Jeff Wilpon New York Mets
Photo by Adam Hunger/Getty Images

New York Mets owner Jeff Wilpon laid the blame for the team not spending big on free agents at Sandy Alderson’s feet.

One constant source of consternation of fans of the New York Mets has been the team’s aversion to spending big money on free agents. During the era of Sandy Alderson, the only big signings the team made were re-signing David Wright and signing Yoenis Cespedes after acquiring him in a trade.

The blame for the lack of spending during this tenure, which has ended after Alderson took a medical leave in the summer and will not return, has been laid at the feet of the Wilpons and their well known financial struggles.

However, it appears that Jeff Wilpon does not agree with this, as he said during an interview that the team’s lack of spending was a result of Alderson’s preferences and not financial issues or directives from ownership, according to mlb.com’s Anthony DiComo via Twitter.


While many of Alderson’s moves entering the 2018 season didn’t pan out, Jeff Wilpon’s claims are somewhat difficult to believe for several reasons. First of all, there’s the fact that the entire reason Alderson was hired was because ownership didn’t have a lot of money to spend and he had success with the Oakland A’s with a very limited payroll.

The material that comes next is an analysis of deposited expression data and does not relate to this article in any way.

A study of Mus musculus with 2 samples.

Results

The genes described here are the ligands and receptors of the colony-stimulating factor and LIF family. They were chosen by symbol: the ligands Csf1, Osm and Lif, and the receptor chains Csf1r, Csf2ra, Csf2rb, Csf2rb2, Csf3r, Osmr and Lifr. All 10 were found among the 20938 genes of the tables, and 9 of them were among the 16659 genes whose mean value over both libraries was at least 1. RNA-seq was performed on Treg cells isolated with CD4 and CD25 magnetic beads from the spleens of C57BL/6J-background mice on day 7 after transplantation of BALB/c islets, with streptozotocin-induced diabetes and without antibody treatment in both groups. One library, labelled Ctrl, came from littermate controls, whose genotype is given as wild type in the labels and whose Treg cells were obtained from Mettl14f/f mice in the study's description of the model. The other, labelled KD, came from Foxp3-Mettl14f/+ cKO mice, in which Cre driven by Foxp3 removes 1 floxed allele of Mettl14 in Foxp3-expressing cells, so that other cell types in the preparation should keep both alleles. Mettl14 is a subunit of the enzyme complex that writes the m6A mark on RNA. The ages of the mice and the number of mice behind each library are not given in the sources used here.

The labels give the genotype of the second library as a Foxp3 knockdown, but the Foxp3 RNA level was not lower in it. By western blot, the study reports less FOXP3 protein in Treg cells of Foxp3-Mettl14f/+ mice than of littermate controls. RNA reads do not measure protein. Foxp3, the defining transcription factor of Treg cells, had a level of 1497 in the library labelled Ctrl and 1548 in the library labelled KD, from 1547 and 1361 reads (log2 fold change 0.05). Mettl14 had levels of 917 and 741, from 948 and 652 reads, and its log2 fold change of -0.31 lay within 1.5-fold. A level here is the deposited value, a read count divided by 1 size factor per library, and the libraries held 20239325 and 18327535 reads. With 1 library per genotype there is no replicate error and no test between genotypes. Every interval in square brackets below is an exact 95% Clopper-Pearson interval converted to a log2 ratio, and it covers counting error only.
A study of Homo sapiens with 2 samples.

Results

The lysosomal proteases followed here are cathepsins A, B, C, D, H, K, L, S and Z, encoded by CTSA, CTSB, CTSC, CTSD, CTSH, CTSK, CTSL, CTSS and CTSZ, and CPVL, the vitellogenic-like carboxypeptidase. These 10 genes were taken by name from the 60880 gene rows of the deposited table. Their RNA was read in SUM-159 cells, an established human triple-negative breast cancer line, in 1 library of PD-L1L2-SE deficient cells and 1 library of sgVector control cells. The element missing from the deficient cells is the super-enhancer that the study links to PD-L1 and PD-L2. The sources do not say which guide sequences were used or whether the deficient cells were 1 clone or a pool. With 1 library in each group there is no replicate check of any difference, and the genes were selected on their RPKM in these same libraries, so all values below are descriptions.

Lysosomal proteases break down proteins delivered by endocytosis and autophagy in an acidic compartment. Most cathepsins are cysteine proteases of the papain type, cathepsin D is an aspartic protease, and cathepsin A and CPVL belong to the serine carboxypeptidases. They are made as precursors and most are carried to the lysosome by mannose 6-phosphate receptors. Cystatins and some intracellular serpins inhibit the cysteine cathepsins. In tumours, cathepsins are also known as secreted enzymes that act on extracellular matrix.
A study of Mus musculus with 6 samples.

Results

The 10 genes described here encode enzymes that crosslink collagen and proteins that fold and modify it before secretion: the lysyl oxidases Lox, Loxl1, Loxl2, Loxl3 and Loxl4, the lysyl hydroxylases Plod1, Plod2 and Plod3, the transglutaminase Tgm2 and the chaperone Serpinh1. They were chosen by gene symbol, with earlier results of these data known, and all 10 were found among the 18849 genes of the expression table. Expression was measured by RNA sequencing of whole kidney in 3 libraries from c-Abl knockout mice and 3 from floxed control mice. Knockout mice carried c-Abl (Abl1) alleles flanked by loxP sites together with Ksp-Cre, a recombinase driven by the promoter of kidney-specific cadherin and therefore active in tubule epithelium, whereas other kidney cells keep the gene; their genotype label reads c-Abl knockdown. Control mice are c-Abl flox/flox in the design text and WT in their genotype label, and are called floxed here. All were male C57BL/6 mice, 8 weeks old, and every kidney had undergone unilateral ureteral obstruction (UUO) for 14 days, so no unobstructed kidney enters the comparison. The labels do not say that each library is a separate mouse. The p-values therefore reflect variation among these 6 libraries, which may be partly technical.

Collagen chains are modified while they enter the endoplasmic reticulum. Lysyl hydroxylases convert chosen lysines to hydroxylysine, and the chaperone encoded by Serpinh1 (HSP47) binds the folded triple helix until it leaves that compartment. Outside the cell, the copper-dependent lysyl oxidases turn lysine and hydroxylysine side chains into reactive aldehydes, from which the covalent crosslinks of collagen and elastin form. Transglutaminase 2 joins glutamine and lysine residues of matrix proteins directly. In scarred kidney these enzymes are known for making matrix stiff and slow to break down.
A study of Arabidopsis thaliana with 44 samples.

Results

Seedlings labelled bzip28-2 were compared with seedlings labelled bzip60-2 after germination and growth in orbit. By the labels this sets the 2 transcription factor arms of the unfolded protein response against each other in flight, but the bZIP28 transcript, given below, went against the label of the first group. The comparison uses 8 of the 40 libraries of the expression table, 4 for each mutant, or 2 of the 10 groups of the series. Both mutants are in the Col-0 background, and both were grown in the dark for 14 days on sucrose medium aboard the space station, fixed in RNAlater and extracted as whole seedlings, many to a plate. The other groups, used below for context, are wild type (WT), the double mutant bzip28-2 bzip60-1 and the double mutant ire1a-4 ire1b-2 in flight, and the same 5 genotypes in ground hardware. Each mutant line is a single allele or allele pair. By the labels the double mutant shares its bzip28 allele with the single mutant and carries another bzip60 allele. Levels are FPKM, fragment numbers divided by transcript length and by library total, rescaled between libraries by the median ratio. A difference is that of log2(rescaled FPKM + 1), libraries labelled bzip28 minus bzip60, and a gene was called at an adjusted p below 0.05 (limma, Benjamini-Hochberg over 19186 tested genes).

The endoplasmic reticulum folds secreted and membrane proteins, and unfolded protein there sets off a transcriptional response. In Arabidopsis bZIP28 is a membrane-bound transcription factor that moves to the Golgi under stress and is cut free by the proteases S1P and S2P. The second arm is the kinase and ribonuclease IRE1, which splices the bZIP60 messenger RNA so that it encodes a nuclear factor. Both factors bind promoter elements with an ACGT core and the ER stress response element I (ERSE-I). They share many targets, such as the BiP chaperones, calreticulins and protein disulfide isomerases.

However, Alderson only moved to that model after the A’s were sold and the new owners wanted payroll cut. Prior to that, he was more than willing to spend money to acquire talent, so it’s hard to imagine he would now be unwilling to do that.


“According to sources, the front office has only a fuzzy idea of what they actually have to spend in any given offseason. They’re often flying blind, forced to navigate the winter under the weight of an invisible salary cap. This is not the behavior of a franchise that wants to win.”

It’s incredibly unlikely that Alderson would be unwilling to tell his assistants how much money they had to spend if he had that information. The only logical conclusion to come to is that Alderson was never told how much money he had to spend.

DiComo also notes that Wilpon said that the team didn’t spend heavily on their analytics department based on Alderson’s recommendation.

The fact that Wilpon made that claim removes even more credibility from anything he said during that press conference. Sandy Alderson was the man who ushered in the analytics era in baseball. He was the mentor to Billy Beane, and he introduced him to analytics and Moneyball.

The idea that the person who led the charge in bringing a field of evaluation of players would suddenly decide that he doesn’t want to spend big money on that area of evaluation is utterly ridiculous, and it frankly takes any semblance of believability away from anything that was said by Jeff Wilpon during that press conference.

Jeff Wilpon showed once again that things will never change as long as him and his father are involved with the Mets organization.